Retrospect Express HD 2.0
With so many users backing up to hard drives, it's a wonder EMC didn't start selling its super-easy-to-use Retrospect Express HD 2.0 backup program sooner. Previously available only when bundled with Maxtor's OneTouch hard drives, Retrospect Express HD has received a mild overhaul and now has been released on its own. We tested a shipping version of the $66.50 application and found it as simple and intuitive to use as its full-blown Retrospect Professional cousin is complex and obtuse.
- Retrospect Express HD makes getting into a backup routine a simple process.
- The lack of a traditional, option-filled configuration dialogue box takes a bit of getting used to.
This reliable and extremely easy-to-use backup program is more expensive than competing apps.
Price$ 66.50 (AUD)
Unlike the Professional version, Express HD is a single-job software: one full backup, then incremental backups of a single data set. Users can't tell it to run different jobs at different times with different data sets, as is available with Pro.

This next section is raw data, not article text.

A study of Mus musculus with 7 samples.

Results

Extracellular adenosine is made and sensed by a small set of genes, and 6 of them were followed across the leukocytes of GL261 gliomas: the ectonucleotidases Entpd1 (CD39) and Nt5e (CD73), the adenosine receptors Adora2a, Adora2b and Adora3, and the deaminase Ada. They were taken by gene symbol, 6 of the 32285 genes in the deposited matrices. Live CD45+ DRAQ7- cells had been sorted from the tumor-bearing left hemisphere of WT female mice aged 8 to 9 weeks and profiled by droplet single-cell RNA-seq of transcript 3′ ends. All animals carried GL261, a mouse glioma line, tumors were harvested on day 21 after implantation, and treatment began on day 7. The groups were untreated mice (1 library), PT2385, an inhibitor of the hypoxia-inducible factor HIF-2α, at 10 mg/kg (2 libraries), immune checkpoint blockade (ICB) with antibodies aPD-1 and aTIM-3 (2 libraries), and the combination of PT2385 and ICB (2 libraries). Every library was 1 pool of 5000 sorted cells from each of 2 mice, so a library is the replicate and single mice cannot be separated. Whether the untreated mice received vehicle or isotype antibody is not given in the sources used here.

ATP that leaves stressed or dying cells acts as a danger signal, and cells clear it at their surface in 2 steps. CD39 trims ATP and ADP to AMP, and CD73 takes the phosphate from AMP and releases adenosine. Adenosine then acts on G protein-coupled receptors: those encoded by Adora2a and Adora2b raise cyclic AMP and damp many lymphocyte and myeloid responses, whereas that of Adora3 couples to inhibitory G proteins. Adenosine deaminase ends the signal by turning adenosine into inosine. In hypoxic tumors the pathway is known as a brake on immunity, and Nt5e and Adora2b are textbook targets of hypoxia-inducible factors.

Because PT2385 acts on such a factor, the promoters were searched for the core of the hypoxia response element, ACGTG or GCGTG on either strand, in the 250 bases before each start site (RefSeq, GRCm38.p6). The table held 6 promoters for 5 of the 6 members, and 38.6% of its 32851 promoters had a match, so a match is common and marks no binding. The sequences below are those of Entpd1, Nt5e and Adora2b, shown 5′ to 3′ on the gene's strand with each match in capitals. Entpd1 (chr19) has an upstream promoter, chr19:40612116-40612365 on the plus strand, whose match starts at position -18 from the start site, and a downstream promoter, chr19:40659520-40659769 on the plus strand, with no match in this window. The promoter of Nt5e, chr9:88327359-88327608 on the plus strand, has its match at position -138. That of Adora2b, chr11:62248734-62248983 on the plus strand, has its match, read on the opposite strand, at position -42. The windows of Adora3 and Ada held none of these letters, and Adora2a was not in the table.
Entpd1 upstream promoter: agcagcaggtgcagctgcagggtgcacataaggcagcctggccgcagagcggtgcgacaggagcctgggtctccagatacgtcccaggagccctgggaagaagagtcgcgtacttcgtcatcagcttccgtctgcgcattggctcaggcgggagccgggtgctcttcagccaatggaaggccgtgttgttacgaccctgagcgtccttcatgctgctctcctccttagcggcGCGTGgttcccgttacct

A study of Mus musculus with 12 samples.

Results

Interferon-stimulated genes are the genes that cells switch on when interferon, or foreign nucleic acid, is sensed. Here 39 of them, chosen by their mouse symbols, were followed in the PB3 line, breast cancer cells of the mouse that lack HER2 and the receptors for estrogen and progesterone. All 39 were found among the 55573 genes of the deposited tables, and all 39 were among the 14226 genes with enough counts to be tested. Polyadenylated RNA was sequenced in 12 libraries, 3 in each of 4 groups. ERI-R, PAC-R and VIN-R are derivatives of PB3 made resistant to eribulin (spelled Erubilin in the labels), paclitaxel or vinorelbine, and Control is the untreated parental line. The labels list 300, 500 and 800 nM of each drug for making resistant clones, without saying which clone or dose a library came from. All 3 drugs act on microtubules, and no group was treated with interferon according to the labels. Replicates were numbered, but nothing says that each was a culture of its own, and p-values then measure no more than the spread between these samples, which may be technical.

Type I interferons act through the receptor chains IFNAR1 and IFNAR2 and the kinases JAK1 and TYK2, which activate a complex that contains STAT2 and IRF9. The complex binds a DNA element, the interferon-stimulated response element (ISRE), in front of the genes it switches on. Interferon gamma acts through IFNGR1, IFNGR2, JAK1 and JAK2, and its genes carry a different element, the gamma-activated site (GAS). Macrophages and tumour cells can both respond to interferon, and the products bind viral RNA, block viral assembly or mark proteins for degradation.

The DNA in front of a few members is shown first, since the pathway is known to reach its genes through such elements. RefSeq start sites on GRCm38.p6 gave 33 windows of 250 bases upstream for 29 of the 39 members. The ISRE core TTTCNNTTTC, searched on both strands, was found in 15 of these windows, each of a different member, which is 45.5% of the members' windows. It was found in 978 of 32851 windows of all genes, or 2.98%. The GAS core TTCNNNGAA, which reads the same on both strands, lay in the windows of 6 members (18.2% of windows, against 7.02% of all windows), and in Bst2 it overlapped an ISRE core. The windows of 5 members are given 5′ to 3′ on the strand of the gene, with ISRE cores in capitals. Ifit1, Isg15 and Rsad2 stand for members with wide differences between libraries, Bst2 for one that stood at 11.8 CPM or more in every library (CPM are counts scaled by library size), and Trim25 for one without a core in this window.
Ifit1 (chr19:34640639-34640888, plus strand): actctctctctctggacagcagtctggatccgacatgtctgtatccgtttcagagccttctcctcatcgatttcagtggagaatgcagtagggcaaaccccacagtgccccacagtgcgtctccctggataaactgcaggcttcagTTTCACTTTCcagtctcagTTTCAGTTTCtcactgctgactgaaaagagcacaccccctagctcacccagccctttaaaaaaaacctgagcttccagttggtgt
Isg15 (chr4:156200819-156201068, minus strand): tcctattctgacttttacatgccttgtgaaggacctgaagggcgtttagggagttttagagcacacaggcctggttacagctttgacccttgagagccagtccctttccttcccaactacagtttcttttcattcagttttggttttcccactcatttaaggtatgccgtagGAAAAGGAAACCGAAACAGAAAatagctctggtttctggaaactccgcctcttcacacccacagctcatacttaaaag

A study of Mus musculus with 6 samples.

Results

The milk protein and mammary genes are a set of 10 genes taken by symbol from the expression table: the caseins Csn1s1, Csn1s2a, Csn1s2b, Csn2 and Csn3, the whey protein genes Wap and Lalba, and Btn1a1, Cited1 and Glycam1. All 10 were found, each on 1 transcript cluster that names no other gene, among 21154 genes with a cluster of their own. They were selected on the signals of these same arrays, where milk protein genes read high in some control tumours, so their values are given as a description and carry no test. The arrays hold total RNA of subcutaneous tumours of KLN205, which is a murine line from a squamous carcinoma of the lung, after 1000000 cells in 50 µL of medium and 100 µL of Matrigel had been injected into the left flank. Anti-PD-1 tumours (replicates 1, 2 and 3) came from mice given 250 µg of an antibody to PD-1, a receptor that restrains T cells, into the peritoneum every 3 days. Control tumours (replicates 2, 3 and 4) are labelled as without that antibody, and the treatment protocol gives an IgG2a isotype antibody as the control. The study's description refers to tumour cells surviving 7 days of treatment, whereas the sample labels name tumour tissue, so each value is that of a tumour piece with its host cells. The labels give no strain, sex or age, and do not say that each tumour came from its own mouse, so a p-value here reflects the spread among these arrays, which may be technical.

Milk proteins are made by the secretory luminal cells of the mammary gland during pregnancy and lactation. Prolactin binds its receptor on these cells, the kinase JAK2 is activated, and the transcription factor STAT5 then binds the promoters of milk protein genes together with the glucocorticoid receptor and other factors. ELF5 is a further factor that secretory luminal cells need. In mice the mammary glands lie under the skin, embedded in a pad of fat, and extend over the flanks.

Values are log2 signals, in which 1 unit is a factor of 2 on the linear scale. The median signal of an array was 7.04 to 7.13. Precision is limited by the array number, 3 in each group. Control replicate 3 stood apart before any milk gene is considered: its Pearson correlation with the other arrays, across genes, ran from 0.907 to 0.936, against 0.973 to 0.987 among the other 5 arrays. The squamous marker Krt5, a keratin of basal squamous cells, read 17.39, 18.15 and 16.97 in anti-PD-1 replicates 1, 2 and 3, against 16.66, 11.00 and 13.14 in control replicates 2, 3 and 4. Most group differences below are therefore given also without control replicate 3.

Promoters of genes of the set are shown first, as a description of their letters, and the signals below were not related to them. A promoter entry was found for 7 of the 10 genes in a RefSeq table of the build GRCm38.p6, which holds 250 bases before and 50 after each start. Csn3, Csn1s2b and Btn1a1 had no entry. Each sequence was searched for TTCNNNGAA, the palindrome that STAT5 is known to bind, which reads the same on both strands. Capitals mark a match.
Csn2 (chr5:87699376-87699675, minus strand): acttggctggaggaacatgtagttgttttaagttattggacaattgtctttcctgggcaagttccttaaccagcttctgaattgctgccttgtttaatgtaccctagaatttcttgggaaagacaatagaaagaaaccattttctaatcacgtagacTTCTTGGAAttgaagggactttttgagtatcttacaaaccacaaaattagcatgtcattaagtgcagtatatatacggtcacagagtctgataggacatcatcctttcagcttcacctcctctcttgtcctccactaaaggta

Retrospect Express HD makes getting into a backup routine a simple process. Backups are configured via an attractive step-by-step wizard and managed using a system tray menu. We found that the lack of a traditional, option-filled configuration dialogue box took a bit of getting used to, but in the end, Retrospect Express HD's keep-it-simple, set-it-and-forget-it philosophy quickly won us over.
Many low-cost backup programs simply copy files, leaving the file structure intact for easy browsing using Windows Explorer. Express HD 2.0, while it can do this as well, defaults to a traditional approach of consolidating everything into a single compressed backup file. While users will have to reinstall Express HD to browse a compressed backup in the event disaster strikes, it also means better security, easier internal cataloguing, and easier on-demand restoration of files.
The biggest problem I had with Retrospect Express HD is its price: $66.50 is awfully steep for a program without disaster recovery, and there's stiff competition that are less expensive.